True Blue (Or Red) Bloggers

By Howard Kurtz
Washington Post Staff Writer
Tuesday, May 9, 2006; 8:09 AM

I had thought the Republicans would line up behind Gen. Michael Hayden as the new CIA chief, given his experience in the intel area.

Boy, that was really 2005 thinking. I guess a president at Bush's level of popularity can't take anything for granted.

But I want to talk this morning about the political role played by bloggers. The most interesting online pundits, to me, are those who are independent enough to occasionally criticize their own side, rather than shill for one party or a particular point of view. But there is no question that bloggers are growing as a political force, particularly on the Democratic side.

Now, some bloggers themselves are posing the question: Should they be cheerleaders for a party if they want that party to gain (or hold onto) power? Or is that an intellectually dishonest betrayal of the ethos of blogging?

Americablog's John Aravosis tackles the issue head-on:

"Some friends on the Hill recently asked me if the liberal blogs could lay off their attacks on Democratic members of Congress until after the election. The idea being that we need to keep promoting a public image of Dems good/Republicans bad, and that any criticism of Dems hurts our image and only helps detract attention from the Republicans' increasing number of failings. It's an interesting question. Is it time to sit back and shut up and hold our tongue?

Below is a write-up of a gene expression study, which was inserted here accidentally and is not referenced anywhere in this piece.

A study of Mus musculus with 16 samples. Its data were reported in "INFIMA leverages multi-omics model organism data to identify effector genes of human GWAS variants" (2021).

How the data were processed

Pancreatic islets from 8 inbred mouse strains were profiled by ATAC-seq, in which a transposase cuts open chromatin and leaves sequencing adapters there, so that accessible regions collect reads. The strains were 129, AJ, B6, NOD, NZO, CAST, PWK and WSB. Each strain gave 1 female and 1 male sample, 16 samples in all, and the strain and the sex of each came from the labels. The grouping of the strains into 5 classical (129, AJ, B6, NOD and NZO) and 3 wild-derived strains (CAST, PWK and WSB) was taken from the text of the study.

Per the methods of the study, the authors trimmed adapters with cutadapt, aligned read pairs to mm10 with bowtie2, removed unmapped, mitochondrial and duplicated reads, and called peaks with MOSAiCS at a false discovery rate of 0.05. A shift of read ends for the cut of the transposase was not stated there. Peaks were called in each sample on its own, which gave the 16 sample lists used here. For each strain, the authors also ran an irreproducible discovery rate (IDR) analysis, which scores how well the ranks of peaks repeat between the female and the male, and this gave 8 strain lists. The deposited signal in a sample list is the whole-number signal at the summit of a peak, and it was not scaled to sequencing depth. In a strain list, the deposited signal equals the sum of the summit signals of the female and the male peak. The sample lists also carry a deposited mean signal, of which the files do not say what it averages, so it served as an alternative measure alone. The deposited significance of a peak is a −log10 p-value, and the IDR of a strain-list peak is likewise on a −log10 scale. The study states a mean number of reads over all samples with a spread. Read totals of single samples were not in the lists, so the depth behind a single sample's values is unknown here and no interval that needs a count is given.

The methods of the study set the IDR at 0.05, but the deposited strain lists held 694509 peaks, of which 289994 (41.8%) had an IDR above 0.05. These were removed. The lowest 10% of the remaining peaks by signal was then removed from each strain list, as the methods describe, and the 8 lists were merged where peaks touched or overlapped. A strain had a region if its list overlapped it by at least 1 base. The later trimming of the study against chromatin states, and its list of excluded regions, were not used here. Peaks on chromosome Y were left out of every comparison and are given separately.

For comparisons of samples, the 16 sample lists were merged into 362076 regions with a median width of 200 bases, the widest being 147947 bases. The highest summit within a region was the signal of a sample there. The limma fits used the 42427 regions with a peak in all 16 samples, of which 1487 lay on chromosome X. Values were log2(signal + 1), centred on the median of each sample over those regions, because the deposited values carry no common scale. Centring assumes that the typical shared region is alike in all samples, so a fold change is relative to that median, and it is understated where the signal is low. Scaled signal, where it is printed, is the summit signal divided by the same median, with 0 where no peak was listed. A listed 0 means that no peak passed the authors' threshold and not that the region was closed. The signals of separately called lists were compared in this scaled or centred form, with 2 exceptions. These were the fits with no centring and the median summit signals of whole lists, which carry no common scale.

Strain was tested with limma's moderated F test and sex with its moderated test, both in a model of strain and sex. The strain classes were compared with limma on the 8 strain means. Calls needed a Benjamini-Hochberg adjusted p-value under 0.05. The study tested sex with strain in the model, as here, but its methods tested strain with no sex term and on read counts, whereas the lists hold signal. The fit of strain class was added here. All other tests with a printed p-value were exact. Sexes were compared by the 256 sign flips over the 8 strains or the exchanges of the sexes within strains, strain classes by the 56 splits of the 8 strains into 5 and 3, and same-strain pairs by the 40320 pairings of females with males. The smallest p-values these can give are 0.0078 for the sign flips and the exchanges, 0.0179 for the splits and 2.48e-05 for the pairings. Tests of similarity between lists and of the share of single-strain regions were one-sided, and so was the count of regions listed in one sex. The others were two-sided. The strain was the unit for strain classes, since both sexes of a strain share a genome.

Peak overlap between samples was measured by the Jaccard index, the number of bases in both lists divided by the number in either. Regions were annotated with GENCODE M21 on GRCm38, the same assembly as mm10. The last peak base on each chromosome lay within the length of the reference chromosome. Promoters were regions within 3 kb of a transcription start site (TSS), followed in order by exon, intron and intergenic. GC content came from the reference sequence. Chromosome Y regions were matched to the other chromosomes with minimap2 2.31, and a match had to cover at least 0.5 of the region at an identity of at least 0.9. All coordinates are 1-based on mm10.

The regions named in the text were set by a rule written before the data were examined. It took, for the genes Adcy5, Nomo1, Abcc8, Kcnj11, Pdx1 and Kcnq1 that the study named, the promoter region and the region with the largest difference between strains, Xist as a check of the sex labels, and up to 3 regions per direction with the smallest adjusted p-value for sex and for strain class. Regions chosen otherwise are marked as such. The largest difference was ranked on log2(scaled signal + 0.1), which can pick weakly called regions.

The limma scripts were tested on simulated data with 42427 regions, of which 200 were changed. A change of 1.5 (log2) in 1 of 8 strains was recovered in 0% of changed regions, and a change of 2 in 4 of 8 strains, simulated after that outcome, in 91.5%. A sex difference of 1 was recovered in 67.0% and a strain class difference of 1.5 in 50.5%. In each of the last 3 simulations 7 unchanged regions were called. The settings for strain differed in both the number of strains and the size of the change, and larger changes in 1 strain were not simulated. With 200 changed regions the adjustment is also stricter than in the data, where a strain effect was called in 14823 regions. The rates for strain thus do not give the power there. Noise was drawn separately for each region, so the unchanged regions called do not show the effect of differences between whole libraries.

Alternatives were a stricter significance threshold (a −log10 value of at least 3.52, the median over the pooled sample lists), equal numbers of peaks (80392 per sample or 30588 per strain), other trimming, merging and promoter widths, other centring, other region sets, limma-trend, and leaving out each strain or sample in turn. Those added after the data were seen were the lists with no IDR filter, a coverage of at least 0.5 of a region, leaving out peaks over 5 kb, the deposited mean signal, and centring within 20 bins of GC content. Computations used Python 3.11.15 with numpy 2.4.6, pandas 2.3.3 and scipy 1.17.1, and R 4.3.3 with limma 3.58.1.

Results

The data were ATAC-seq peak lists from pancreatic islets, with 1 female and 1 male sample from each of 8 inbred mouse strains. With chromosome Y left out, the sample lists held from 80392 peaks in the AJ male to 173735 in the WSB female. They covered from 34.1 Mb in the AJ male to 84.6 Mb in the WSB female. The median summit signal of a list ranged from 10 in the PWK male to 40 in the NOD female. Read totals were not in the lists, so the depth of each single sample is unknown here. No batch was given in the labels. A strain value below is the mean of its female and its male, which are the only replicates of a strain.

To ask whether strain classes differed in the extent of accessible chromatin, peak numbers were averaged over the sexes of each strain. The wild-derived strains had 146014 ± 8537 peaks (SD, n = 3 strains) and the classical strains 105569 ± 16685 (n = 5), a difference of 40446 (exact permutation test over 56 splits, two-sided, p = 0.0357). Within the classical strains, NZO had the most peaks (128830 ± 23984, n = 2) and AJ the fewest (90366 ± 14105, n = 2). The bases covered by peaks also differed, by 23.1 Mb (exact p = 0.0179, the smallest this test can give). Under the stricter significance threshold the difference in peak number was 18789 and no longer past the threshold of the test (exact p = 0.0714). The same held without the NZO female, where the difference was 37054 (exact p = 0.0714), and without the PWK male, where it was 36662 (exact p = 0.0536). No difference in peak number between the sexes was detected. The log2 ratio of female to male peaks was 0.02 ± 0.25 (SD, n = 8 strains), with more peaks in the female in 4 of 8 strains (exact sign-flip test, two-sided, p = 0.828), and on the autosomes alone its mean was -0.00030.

"I think at some point we can hurt ourselves by helping create a public perception that our party has no message and is spineless. Then again, it's not like they need much help creating that perception - chicken and egg. And the larger question is whether the party will ever change if we don't publicly hold it accountable. Do we really want the same folks doing the same things (not holding Bush accountable, voting for every war resolution they can get their hands on) once they become the majority in Congress?

"It's very difficult to take a six-month hiatus in offering criticism that is intended to change the party for the better, lest the party get worse or at least stagnate at mediocre."

On the other side of the spectrum, Captain Ed grapples with the same dilemma:

"Some Democrats have promised to start impeachment proceedings if they capture the House in November, raising the ante for conservatives who may not care much for Bush but are unwilling to play enablers for Bush Derangement Syndrome sufferers.

"So what are conservatives to do?

"This delves into the question of priorities for conservatives. Does it make sense to tone down their frustration with GOP leadership (especially on spending and immigration) in order to retain at least some influence on the legislative process? Even more basic, does criticism and threats of Election-Day boycotts hurt the GOP or force it to improve? Even if it hurts, does it make a difference in the long run?